No matter what the worldly circumstances are, being a teenager is one of the most difficult times in a young person’s life. However, the modern teen experience becomes increasingly difficult and confusing when a global pandemic ravages the earth. As a teenager myself, I can speak to the obstacles I have had to face as a young person during the COVID-19 pandemic. Not only has the Coronavirus presented me with new social and mental health issues, but it has also forced me to think innovatively about living in a healthy and happy way during a pandemic. Here are a few tips for overcoming the obstacles that come with living through the COVID-19 pandemic.
One of the greatest challenges that teens face has been adapting to school online. As silly as it may seem, being forced to keep your camera on during zoom classes can be extraordinarily draining. I often find myself worrying about other students looking at me, fixing my hair, and ensuring that my eyes aren’t drifting. Not to mention as soon as I am done with my online classes, I have hours of homework that also needs to be completed online. Personally, I end up spending about nine hours a day online attending class and completing homework. Though there is not much that can be done to change how schools deliver their classes during this pandemic, here are some techniques I use to make my online education more tolerable.
- Get up two hours before class. First, I get up two hours before my classes start, so that I have enough time for a morning routine. I find that getting up early and taking a walk outside puts me in a better mindset for the day.
- Designate time for offline study breaks. After an hour or so of studying, I set aside ten minutes to do something else offline. For example, I have make myself a cup of tea, do a guided meditation, or put away my laundry.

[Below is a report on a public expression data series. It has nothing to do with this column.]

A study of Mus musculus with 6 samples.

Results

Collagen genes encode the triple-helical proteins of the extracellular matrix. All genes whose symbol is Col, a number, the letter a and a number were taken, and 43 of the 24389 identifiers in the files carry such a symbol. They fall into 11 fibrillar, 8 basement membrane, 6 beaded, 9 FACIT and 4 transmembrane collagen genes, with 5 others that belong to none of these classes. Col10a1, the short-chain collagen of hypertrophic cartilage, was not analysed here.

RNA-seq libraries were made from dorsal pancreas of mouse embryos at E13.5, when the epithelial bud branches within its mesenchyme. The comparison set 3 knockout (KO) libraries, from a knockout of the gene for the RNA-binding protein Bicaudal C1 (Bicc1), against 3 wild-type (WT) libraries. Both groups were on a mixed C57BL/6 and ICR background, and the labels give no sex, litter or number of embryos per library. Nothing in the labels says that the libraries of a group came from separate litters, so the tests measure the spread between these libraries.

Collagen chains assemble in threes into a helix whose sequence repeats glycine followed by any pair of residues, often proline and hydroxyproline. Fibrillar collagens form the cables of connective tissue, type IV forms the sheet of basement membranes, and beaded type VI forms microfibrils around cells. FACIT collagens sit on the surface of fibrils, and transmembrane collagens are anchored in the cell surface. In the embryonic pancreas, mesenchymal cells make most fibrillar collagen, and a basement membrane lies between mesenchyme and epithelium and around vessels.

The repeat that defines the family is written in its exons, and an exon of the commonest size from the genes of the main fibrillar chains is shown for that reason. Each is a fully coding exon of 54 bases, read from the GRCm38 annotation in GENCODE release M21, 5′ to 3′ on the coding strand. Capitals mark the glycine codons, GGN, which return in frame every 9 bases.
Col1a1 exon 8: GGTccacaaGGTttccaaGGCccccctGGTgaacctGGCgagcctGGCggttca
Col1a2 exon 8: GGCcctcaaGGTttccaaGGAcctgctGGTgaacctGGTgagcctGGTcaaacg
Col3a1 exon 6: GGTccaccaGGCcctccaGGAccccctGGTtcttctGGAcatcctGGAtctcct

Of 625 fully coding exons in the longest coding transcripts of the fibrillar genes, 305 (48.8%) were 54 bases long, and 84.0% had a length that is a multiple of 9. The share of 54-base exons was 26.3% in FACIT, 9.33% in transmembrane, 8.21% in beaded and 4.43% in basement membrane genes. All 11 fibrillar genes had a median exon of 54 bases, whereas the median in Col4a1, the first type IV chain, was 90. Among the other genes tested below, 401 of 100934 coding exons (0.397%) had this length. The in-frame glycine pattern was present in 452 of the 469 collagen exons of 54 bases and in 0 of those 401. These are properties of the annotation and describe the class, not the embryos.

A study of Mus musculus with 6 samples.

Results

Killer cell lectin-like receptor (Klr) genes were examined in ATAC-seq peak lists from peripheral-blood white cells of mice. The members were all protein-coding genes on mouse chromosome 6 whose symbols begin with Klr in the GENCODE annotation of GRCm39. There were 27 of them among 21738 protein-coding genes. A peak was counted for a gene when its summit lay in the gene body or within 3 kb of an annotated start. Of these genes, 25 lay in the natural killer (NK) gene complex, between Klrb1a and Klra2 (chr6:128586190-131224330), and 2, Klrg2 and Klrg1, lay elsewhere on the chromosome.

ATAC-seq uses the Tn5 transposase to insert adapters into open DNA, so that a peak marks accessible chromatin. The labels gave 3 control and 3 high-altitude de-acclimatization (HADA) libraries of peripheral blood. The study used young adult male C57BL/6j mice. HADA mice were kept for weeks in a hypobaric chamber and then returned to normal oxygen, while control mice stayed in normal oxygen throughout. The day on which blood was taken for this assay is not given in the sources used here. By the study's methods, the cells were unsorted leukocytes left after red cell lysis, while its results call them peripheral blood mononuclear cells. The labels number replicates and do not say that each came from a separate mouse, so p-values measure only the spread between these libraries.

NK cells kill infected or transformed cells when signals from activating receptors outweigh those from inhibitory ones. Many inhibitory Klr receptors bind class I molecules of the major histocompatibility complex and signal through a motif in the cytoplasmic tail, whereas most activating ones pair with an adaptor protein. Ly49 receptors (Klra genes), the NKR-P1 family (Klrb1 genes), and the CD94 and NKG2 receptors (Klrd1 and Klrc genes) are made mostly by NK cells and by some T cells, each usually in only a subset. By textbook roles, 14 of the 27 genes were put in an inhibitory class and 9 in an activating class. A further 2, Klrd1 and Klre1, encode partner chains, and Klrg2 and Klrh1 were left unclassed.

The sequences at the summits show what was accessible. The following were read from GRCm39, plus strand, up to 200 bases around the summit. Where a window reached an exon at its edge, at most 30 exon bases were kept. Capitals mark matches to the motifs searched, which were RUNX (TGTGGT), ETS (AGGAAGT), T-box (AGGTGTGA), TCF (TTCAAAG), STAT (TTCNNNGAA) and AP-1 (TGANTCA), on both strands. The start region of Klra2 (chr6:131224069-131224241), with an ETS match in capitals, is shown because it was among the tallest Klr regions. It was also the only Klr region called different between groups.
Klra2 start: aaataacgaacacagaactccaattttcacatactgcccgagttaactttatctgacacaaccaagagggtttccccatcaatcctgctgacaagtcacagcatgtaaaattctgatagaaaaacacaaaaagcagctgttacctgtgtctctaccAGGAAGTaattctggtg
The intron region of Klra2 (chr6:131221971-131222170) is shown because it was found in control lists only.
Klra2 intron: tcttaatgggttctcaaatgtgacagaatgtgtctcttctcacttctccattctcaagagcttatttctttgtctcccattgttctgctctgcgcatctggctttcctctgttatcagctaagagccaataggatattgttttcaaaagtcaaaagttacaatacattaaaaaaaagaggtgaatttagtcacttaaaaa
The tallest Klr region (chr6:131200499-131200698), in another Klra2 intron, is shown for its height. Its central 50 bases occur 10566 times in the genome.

- Avoid additional screen time. Finally, I have found that avoiding the screen after I am done with school really improves my emotional well-being. Instead of watching a movie with my family after school, I’ll pick up a book. Instead of scrolling on social media, I’ll bake some cookies.
As a result of the Coronavirus, my social life has also been altered. Not only am I spending more time with my family, but I also have limited contact with friends. I have had to learn to communicate more effectively with my family in-person, and with my friends over the phone. Spending large amounts of time alone in my room has felt isolating at times, but I have found some ways to connect with friends in a meaningful way.
- Host Virtual Gatherings. Having zoom game nights with my friends has quickly become a staple of our online “gatherings”. All of us will join a zoom call where we play various online games, such as Code Names and Tee-K-O, over the internet.
- Leave Each Other Gifts. Another idea we have put into action is leaving small gifts at each other’s doorsteps. One day I was having a really difficult time with my classes, and I was feeling pretty hopeless and alone. To brighten my day, one of my friends left my favorite coffee drink outside my door and sent me a text. Her kindness reminded me that there are still people who care for me, even when I feel isolated.
Nevertheless, the COVID-19 pandemic has been difficult for people of all walks of life. It just so happens to be affecting how teenagers are functioning as they turn into young adults. My whole world has been turned upside down as I lose critical years of my high school education and meaningful social connections. Despite all these challenges, I choose to remain present and thankful for my health. Making these small changes has helped me to best accommodate what the world has become as the result of the Coronavirus.